This Daughter Gives Mom Rundown On Generation Alpha Fashion Slang

When TikTok mom, Christina, went to Target with her 11-year-old daughter, she didn’t know she’d be in for a complete lesson on Generation Alpha fashion, including what’s in, what’s totally out, and what different types of clothing are classified as.

Spoiler alert: the term “preppy” means nothing like it used to!

“When I say ‘aesthetic aesthetic,’ that means like, beige,” Christina’s daughter says to her while holding a cropped, long-sleeve shirt from Target.

Confused already? Don’t worry — me too!

Nevertheless, Christina’s daughter continues to help her mom understand the new fashion trends of tweens and teens, including terms that we totally used when we were their age.

“Apparently, this is preppy,” Christina says, zooming in on an advertisement of a model wearing what appears to be a pink athleisure set.

For millennials and Generation X, being preppy meant popped collars, khakis, tennis skirts, and a sweater tied around your shoulders. The term originated from kids who went to preparatory school (thus “preppy”), and it was typically associated with wealth.

But for Gen Alpha — kids born between (gulp) 2010 and 2025 — it has a whole new meaning.

These days, dressing “preppy” refers to wearing bright colors, especially a lot of pink, and certain accessories, like ribbons and bows. The look is described on TikTok as being “colorful” and “very girly,” with lots of cartoons and smiley face designs, and of course, Lululemon.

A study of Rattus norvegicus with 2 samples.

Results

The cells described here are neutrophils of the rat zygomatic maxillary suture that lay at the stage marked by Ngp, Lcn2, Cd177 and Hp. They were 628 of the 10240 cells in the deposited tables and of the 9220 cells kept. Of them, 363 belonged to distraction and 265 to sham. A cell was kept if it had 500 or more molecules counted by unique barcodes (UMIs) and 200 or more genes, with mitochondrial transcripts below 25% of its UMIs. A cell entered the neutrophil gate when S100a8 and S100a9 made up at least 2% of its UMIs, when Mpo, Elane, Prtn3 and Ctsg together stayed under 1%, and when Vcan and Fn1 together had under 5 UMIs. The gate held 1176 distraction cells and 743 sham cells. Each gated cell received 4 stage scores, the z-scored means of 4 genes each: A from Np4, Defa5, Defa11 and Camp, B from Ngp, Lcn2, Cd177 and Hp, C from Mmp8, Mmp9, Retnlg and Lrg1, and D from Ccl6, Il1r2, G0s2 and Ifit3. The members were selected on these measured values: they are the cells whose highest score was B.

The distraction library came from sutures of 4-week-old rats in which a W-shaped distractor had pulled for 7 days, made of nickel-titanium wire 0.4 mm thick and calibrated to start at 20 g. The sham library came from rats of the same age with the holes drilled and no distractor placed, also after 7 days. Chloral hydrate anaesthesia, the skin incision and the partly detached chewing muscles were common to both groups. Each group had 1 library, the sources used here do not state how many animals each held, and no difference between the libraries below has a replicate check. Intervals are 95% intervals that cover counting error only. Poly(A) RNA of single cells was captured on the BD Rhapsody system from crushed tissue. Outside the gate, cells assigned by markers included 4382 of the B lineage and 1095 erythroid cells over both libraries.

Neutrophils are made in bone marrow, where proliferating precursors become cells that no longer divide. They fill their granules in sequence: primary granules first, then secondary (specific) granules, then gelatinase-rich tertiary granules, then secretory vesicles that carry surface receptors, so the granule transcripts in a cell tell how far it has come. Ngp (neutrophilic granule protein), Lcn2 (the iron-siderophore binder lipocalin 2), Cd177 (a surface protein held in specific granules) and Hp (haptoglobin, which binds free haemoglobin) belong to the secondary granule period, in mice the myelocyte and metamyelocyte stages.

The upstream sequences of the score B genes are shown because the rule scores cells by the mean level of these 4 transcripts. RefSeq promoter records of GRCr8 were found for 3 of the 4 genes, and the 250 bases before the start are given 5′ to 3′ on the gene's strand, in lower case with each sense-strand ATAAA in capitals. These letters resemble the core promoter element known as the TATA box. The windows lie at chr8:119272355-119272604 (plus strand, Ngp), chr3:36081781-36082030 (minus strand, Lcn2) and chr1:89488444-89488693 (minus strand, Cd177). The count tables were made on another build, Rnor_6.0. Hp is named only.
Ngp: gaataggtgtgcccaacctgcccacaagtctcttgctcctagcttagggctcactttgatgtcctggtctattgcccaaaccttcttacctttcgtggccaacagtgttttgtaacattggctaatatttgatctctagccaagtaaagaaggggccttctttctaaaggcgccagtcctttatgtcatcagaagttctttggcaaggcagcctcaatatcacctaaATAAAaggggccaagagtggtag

Moving on…

Christina’s daughter focuses on two shirts, one pastel pink and the other brown. The shirt has long sleeves made of lace and a bodice style. Her daughter deems the pink one to be more “coquette” while the brown shirt is “cottage core.”

“They’re the same shirt,” Christina jokes.

When it comes to pants, a beige pair of wide-legged cargo pants is considered “aesthetic aesthetic,” while a black pair of the same exact style pants is more “e-girl.”

E-girl culture has been influenced by anime, gaming culture, and 90s and early 2000s fashion (thus the wide-legged pants) as well as Japanese pop culture.

Anything frilly or girly with lace or dainty pearls is considered more “coquette” style. Think Blair Waldorf in Gossip Girl.

However, if the same type of clothing item is purple, it might be “Livy.”

“It’s giving Olivia Rodrigo vibes!” her daughter says, pointing to a cropped, purple corset top. I guess the Sour pop star has her own type of clothing aesthetic!?

“In case you’re wondering what these new styles are that all these girls are wearing. That’s your lesson!” Christina concludes.

Her comment section was filled with parents and older generations confused and wondering how fashion trends have changed so much since we were younger.

“What the hell is coquette 😅😅” one user asked.

“I’m sooooo confused! I thought preppy was a polo shirt and loafers,” another said.

One user couldn’t believe that just a certain color could dictate an entire style.

“Im about to pull out a power point for my kid to show different styles because … I work in fashion and I willl nooooot have my daughter color code things as a style. 😭,” they wrote.

“I looked up coquette and apparently it’s flirty/girly,” one user wrote.

The OP replied, “Yes! Think Marie Antoinette!”

While some people found this rebranding of trends to be annoying, especially when it came to the term “preppy,” there is something to be said about Gen Alpha’s attention to detail. Maybe we have a bunch of fashion designers in the making!